Timestamp: Monday morning July 18, 2023
I’m getting a little literary here but I decided to title this article, A Bridge Too Far, because in many ways that’s exactly what happened and will happen. We know that the Kerch Strait Bridge was significantly damaged by an apparent drone strike. Much past that calls for speculation. Please cross those bridges with me in the next few paragraphs.
First some background on the bridge itself. In 2014 Russia invaded large portions of Crimea. In 2018 it built the bridge to have a land connection to the Russian mainland.
One of Vladimir Putin’s goals is to reconstruct the former USSR. The invasion and subsequent annexation of Crimea is the beginning of that in his mind and many Russians’ minds. The bridge is as much symbolic of that as it is practical for military and (at this point to a much lesser degree) commercial purposes. The symbolism runs both ways. To the Ukrainian people the bombing is the severing of Russia from what perceive as their territory. This is a bit of a stretch, but think of how Americans would feel if Russia invaded and then occupied part of Alaska and then built a bridge over the Bering Strait. Now think of how Americans would feel if part of that bridge was disabled.
Russia has blamed Ukraine for the bridge attack. The Ukrainians have yet to claim responsibility. This is a rare case where I believe the Russians.
Just hours after the bridge attack Russia backed out of the deal, brokered by the UN and Turkey, that allowed Ukrainian grain to be exported via the Black Sea. They claimed the two acts were unrelated. This time I certainly don’t believe the Russians! I feel that move will prove a bridge too far that Russia will regret.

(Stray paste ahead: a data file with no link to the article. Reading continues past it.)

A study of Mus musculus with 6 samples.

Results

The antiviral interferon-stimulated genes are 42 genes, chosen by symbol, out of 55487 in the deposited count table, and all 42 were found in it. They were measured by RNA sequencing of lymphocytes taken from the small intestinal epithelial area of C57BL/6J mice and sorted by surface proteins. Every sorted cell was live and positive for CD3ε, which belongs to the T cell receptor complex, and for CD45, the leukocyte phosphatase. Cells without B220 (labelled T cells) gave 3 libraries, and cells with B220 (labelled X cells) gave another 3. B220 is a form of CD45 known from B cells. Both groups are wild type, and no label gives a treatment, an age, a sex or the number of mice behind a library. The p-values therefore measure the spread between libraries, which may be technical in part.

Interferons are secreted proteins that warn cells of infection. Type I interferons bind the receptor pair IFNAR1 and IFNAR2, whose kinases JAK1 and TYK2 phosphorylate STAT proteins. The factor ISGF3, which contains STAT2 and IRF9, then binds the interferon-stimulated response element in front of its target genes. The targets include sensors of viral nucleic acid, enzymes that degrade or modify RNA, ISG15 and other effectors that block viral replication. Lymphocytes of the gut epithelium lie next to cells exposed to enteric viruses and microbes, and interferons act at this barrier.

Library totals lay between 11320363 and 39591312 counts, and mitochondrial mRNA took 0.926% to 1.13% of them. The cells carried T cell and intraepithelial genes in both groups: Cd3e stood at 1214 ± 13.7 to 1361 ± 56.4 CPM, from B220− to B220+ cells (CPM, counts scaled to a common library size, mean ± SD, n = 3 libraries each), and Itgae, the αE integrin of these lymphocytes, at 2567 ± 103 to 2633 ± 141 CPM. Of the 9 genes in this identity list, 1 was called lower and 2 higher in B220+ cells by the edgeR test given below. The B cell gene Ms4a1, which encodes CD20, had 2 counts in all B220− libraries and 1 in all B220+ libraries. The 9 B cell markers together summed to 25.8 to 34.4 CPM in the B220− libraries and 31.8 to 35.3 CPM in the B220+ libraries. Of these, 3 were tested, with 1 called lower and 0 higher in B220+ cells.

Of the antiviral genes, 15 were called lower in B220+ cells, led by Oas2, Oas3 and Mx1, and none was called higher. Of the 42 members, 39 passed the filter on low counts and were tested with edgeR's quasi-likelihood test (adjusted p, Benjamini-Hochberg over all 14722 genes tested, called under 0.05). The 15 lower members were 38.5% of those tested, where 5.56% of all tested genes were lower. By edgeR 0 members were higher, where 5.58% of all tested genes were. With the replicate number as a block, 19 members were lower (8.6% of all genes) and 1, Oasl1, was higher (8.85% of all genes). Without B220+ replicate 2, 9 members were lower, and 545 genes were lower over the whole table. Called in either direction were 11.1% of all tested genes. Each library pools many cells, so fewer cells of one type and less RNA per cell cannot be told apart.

Ukrainian grain that will not be able to get to market will be a huge economic hardship for Ukraine. No doubt about that. To that point Russia wins, but that’s where the winning ends for Putin.
In the poorest countries this will cause starvation. That is never a good thing and the repercussion will be many and varied.
It is what this will do to wealthier countries that may well bite Vlad in the butt the hardest. I’ll use the USA and UK as examples but a lot of other wealthier western countries will be in similar situations. Few, if any, will starve but the cost of food (inflation) will rise. That is a huge political problem, with serious economic repercussions, in places like the USA and UK. Needless to say, it will not make the leadership of either country happy. (As an aside note, much of that inflation will be fueled by speculators and profiteers.) An unhappy Joe Biden-led West will be increasingly likely to continue supplying Ukraine for what has developed into a proxy war. Ukraine cannot defeat Russia on its own; it simply lacks the resources. It has proven that with significant western aid (both military and economic) it can more than hold its own. Putin’s best chance was to wait the West out. Already in America we are seeing a pro-Russian position being taken by portions of the Republican party. Russia’s move will not help expedite that process.
It’s early and much pain will be endured before it’s over but I think Ukraine will end up celebrating the bombing of the bridge as a turning point when this is all over. Russia went too far.